Four men were charged after they tried to tear down a statue of former President Andrew Jackson near the White House on Monday.
The Department of Justice announced Saturday that the men were charged with destruction of federal property, a felony with a maximum sentence of 10 years.
“Lee Michael Cantrell, 47, of Virginia; Connor Matthew Judd, 20, of Washington, D.C.; Ryan Lane, 37, of Maryland; and Graham Lloyd, 37, of Maine, were charged by criminal complaint yesterday with destruction of federal property,” Acting U.S. Attorney Michael R. Sherwin said in a statement.
“The United States Attorney’s Office for the District of Columbia will not stand idly by and allow our national monuments to be vandalized and destroyed,” Sherwin continued.
One defendant was already arrested and the three others “have not yet been apprehended.”
White House Press Secretary Kayleigh McEnany on Saturday announced the charges on Twitter, adding Trump is “prosecuting individuals tearing down our statues to the fullest extent of the law!”
President @realDonaldTrump is prosecuting individuals tearing down our statues to the fullest extent of the law!
“Four Men Charged in Federal Court for Attempting to Tear Down Statue of Andrew Jackson in Lafayette Square Amid Protests” https://t.co/5XAhloZLG3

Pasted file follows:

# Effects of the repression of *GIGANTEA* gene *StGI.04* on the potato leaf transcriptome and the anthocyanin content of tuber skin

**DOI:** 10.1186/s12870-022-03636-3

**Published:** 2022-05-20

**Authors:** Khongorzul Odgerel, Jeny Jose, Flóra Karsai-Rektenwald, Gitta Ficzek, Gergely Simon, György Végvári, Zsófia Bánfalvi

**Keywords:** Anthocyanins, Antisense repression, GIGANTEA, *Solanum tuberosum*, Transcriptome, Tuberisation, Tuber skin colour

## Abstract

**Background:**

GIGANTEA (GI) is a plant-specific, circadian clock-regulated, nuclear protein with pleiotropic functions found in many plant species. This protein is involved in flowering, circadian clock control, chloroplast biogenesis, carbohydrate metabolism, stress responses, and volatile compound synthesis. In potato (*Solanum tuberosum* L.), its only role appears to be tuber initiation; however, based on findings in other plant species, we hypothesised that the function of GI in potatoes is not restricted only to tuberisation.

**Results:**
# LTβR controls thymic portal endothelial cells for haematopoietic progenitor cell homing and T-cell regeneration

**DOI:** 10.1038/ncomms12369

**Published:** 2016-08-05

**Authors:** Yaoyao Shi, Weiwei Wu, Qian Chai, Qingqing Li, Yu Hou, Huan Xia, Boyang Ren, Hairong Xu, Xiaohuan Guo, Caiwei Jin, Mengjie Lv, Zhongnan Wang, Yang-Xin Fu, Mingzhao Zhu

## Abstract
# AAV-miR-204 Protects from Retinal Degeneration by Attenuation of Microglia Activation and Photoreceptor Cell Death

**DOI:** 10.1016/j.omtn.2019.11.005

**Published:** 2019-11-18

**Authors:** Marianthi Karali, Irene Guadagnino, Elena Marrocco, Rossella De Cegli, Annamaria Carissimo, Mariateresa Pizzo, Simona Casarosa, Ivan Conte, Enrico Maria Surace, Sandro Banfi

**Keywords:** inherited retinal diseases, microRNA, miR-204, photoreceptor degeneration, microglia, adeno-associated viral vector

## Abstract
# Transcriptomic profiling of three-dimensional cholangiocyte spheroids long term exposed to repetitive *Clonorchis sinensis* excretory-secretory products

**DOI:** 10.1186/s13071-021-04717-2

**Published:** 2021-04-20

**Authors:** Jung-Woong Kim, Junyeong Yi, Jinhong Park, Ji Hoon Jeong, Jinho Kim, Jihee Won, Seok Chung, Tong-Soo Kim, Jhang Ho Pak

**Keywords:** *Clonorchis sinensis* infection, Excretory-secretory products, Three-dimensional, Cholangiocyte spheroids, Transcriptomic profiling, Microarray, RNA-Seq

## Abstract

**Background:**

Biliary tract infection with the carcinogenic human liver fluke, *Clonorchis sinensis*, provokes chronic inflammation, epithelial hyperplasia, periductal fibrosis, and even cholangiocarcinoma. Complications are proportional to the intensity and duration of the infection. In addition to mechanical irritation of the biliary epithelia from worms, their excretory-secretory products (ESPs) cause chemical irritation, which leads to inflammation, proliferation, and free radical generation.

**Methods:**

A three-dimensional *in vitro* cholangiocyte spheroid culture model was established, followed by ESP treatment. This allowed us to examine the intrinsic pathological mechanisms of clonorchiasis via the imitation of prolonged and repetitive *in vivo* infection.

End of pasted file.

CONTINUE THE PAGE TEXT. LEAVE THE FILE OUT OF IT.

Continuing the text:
— Kayleigh McEnany (@PressSec) June 28, 2020
On Friday President TrumpDonald John TrumpFour men charged for trying to tear down Andrew Jackson statue in DC Video shows workers removed social distancing signs before Trump Tulsa rally: WaPo Biden slams Trump for not sanctioning Russia over Afghan militant ‘bounties’ intelligence MORE signed an executive order aimed at protecting federal monuments and prioritizing prosecution of protesters who damage them. On the same day, he also posted an image to Twitter showing the 15 suspects U.S. Park Police and the FBI believe vandalized the statue in Washington’s Lafayette Square area.
News of the charges comes as Washington has seen some of the nation’s largest protests over racial inequality and the death of Black Americans at the hands of police. Many demonstrators, lawmakers and advocates have called for the removal of Confederate statues in and around the nation’s capital.
Jackson’s statue has been targeted because of his severe treatment of Native Americans in the 19th century.
Trump has been at odds with protesters in Washington and around the country. The president has defended allowing Confederate statues to remain in public spaces, and has taken aggressive action against peaceful protestors.
Earlier this month, federal law enforcement used chemical agents to disperse protesters at Lafayette Square so the president could take a photo at St. John’s Episcopal Church.
Other monuments of Confederates across the country have been toppled in recent weeks as a result of the protests.